Federal agencies are acquiring wireless technology almost by accident by failing to track government-issued laptops and other mobile devices and therefore applying inadequate safeguards to secure them. One result: signal leakage.
At least that's the opinion of one agency expert who asked not to be identified. He said it's almost impossible to buy a laptop without wireless technology, but agency policies and network security programs don't recognize this and haven't adapted. He said a recent
In 2002, the National Institute of Standards and Technology [NIST] released "Wireless Network Security: 802.11, Bluetooth and Handheld Devices," which is intended to provide agencies with guidance for establishing secure
wireless networks. In the guide, NIST recommended that federal agencies perform risk assessments and develop security policies before purchasing wireless technologies; delay deployment for essential operations until after agencies have determined they can manage and mitigate the corresponding risks; and assess risks, test and evaluate security controls more frequently than they would on a wired network.
The frequency of audits is indeed one of the problems the GAO found. The unidentified insider said some agencies attempt to monitor their networks, but only do so on a monthly basis. He likened it to running a firewall only once a month.
"We have a long road ahead before the cyberstructure that underpins our nation's critical infrastructure is secured from pranksters and saboteurs," Sen. Joseph I. Lieberman [D-Conn.] said in a statement. "Over a year ago, I sent a detailed letter to [Department of Homeland Security] Secretary [Tom] Ridge, raising concerns about the lack of results similar to those identified by GAO, and I am troubled that more progress has not been made in this vital area."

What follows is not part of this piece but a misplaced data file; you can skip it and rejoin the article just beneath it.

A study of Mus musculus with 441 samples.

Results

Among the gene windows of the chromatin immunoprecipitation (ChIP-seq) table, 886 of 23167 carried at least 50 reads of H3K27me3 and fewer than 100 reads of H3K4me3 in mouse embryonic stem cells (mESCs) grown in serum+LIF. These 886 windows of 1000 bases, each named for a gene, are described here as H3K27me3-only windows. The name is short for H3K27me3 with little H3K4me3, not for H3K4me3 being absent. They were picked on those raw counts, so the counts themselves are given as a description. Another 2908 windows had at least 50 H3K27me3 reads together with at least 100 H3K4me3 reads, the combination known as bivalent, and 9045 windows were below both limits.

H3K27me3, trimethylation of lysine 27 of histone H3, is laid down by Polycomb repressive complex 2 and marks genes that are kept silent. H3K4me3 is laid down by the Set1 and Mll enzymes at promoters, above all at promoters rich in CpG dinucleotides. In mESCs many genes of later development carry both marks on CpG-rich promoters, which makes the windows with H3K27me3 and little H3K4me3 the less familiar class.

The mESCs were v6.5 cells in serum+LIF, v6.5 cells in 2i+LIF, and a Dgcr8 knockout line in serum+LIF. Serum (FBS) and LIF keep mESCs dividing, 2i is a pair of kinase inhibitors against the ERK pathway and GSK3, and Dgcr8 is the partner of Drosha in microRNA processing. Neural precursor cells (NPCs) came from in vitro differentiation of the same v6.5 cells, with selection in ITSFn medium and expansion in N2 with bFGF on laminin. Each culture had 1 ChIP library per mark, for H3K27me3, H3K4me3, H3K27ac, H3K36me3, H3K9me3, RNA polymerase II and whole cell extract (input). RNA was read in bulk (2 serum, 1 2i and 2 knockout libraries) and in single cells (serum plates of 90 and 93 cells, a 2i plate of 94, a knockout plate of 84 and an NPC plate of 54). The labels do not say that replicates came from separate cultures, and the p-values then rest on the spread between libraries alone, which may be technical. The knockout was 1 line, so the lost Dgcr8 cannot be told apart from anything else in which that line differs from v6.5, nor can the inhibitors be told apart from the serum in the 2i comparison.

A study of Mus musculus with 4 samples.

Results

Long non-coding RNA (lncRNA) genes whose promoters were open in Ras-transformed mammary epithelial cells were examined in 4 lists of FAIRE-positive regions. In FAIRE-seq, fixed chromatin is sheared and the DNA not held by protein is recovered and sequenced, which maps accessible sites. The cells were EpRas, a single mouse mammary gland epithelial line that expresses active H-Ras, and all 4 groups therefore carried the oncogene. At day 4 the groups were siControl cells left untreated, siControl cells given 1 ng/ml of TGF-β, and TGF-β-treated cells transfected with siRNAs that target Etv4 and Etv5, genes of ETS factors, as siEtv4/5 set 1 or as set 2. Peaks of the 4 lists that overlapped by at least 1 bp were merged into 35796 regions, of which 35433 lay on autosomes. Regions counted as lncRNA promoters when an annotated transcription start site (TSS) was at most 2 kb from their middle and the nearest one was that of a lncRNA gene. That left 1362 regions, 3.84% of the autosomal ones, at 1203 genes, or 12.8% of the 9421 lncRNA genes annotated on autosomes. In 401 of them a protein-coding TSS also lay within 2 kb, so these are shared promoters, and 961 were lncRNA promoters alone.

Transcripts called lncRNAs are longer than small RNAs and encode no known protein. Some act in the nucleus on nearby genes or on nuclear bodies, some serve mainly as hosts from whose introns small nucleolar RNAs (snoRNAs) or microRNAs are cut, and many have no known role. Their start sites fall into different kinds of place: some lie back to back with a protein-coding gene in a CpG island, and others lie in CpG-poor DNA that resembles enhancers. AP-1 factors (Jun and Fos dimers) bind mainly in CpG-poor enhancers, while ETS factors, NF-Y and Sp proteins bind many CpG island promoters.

The GAO is the audit, evaluation and investigative arm of Congress, and is mandated to help improve the performance and accountability of the federal government. Its latest report evaluated six unnamed federal agencies in Washington and found they haven't fully implemented policies, practices and tools that would enable them to operate wireless networks securely. Wireless signal leakage beyond the perimeter of the building was also a common problem.
- Eavesdropping An attacker monitors transmissions for message content transmitted on a network between two workstations or tunes in to transmissions between a wireless handset and a base station.
- Traffic analysis An intruder gains intelligence by monitoring transmissions for patterns in the flow of messages among communicating parties.
- Masquerading An attacker impersonates an authorized user and exploits the user's privileges to gain unauthorized access to modify data.
- Replay In this instance, someone places himself between communicating parties, intercepting their communications, and retransmitting them; this is commonly referred to as a "man-in-the-middle" attack.
- Message modification An attacker alters a legitimate message by deleting or modifying it.
- Jamming Attackers flood a wireless network with excess radio signals to prevent authorized users from accessing it.
"Without effective security controls for wireless networks, agency information is at risk of unauthorized disclosure, modification or destruction," according to the GAO report. "Despite the risks associated with wireless networks, federal agencies have not fully implemented key controls for securing these networks."
Based on information reported by federal agencies, the GAO said nine haven't issued policies on wireless networks; 13 agencies haven't established requirements for securely configuring or setting up wireless networks; and 18 don't provide training programs in wireless security for their employees and contractors. "Further, the majority of federal agencies lack wireless network monitoring to ensure compliance with agency policies, prevent signal leakage and detect unauthorized wireless devices," the GAO said.
The GAO report recommended the Office of Management and Budget require agencies to ensure that wireless network security is incorporated in their infosecurity programs in accordance with the Federal Information Security Management Act.
"We have to start looking at government as an enterprise," says former cybersecurity czar Howard Schmidt. "In private industry we deploy technology to seek out rogue access points. There's got to be more operational excellence in what the government does with cybersecurity."